I was doing the same research yesterday. BTW; don't envy the 10g,
it has sprung a leak. I'm going to tap that free 10g source and see if
I can get the leaky one drained & planted today.
With regard to the ph/Gh/KH relationships; the high ph (that I have) is not as
big an issue as maintaining stable ph. Keeping in mind that the difference between
7 & 7.1 is a tenfold increase. Same for K & G, they are all logarithmic.
Since my math skillset does not include advanced math, I comprehend
the concept but not the working problems.
According to research, it would also be my method to finish the cycling, then attempt to correct KH & GH. I have noticed the following; as the water in the tanks ages, (evaporates & concentrates salts) my ph rises from 7.8 to 8, my GH rises about 3 levels and my KH decreases a level or two over approximately 5 days.
Again according to research, KH of anywhere from 80 to 150 is generally good.
Quoting from a site I cannot link to;
"GH is an area of aquarium chemistry where there is a lot of misunderstanding or simply down right wrong advice. I have received many a call, email, etc. over the years what do about their so-called high GH, often this GH turns out to be around 200 ppm which is fine for most fish (low for African Cichlids, and even livebearers and goldfish do better at higher GH). This is based on old assumptions of respiration in fish, as well as lack of understanding of the importance of positive Calcium ions (as well as Magnesium & Potassium) in the regulation of MANY bio processes in fish including healing, heart function, and regulation of osmotic functions."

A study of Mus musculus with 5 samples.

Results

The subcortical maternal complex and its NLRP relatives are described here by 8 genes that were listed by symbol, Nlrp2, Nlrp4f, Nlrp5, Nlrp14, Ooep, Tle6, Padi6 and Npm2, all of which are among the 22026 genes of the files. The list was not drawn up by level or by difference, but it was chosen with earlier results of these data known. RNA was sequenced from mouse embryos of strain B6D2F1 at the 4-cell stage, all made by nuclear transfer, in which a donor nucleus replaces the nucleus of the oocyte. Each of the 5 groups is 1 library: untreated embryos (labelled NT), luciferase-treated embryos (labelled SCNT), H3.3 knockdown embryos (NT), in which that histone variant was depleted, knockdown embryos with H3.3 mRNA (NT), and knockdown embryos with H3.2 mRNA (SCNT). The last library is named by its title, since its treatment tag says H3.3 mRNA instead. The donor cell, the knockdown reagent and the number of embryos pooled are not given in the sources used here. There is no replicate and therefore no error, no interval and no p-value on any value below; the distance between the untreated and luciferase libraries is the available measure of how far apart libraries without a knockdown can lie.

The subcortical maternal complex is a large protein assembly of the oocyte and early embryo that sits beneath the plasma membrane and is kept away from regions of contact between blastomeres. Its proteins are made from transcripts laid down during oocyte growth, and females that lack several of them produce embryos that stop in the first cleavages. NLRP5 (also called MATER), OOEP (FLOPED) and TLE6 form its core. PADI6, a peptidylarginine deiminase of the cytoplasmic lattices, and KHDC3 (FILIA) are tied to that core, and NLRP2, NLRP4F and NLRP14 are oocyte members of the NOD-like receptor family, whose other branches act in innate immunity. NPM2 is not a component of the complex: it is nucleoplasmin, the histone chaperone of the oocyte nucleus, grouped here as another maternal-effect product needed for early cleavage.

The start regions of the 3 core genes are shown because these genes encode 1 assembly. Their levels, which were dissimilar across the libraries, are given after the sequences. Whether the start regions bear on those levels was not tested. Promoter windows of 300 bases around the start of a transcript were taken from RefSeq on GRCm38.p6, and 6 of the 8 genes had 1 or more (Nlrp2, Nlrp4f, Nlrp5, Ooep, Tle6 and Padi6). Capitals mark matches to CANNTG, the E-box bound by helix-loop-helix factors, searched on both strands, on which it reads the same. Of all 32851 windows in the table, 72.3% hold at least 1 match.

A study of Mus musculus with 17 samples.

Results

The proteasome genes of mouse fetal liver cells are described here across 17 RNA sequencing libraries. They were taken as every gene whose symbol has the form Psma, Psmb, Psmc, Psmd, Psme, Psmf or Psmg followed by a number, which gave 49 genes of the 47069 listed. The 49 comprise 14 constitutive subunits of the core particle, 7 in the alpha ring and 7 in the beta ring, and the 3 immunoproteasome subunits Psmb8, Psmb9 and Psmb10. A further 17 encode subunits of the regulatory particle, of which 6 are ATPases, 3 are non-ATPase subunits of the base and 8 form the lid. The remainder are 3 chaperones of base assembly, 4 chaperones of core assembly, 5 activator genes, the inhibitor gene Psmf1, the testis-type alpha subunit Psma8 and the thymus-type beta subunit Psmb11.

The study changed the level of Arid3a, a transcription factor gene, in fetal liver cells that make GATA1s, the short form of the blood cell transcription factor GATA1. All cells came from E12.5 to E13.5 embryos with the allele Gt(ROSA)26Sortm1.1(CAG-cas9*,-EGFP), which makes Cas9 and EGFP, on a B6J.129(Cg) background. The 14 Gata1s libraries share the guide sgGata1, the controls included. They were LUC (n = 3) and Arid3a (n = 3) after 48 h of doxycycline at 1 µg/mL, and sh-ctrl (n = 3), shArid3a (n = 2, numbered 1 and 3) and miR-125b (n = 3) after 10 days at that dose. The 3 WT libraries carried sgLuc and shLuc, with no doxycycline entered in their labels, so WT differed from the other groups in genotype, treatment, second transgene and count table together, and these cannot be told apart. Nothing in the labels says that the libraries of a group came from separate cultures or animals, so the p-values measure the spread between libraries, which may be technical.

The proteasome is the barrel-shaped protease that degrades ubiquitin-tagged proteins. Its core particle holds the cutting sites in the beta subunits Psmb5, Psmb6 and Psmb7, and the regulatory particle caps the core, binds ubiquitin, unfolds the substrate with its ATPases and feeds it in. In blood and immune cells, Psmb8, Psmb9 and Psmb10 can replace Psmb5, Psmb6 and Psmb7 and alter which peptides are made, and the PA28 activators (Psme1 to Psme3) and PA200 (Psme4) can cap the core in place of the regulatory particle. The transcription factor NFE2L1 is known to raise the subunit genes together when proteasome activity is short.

"Although many aquarists worry about “too high GH” (based on respiration problems), this is based on long proven false myths. In reality freshwater generally it would take a GH of over 500 ppm to cause this problem."
So I conclude that my GH at highest reading of 12/214.8ppm & KH at lowest reading of 6/89.4 are well within acceptable ranges despite the high ph which is stable.
Keep us posted!
P.S. With regard to water changes; I did one 90% change in both tanks during cycling. Additionally, used the water for the 90% change in the 5g. When my chems reached 0/0/<6ppm, I acclimated the fish both times. I used the two hour drip method. Here is a link to the process in the 10g: Drip Acclimation for Freshwater fish.
Keep the driftwood if you already have it, or want it for aqua-scaping. It will affect the ph a little but
with your reading, it will not hurt anything. Your ph should stabilize again at a lower reading relative
to the tannins released by the wood. Make sure you soak it for a week or two before introducing
it into the tank if it floats or you are unsure where it was harvested.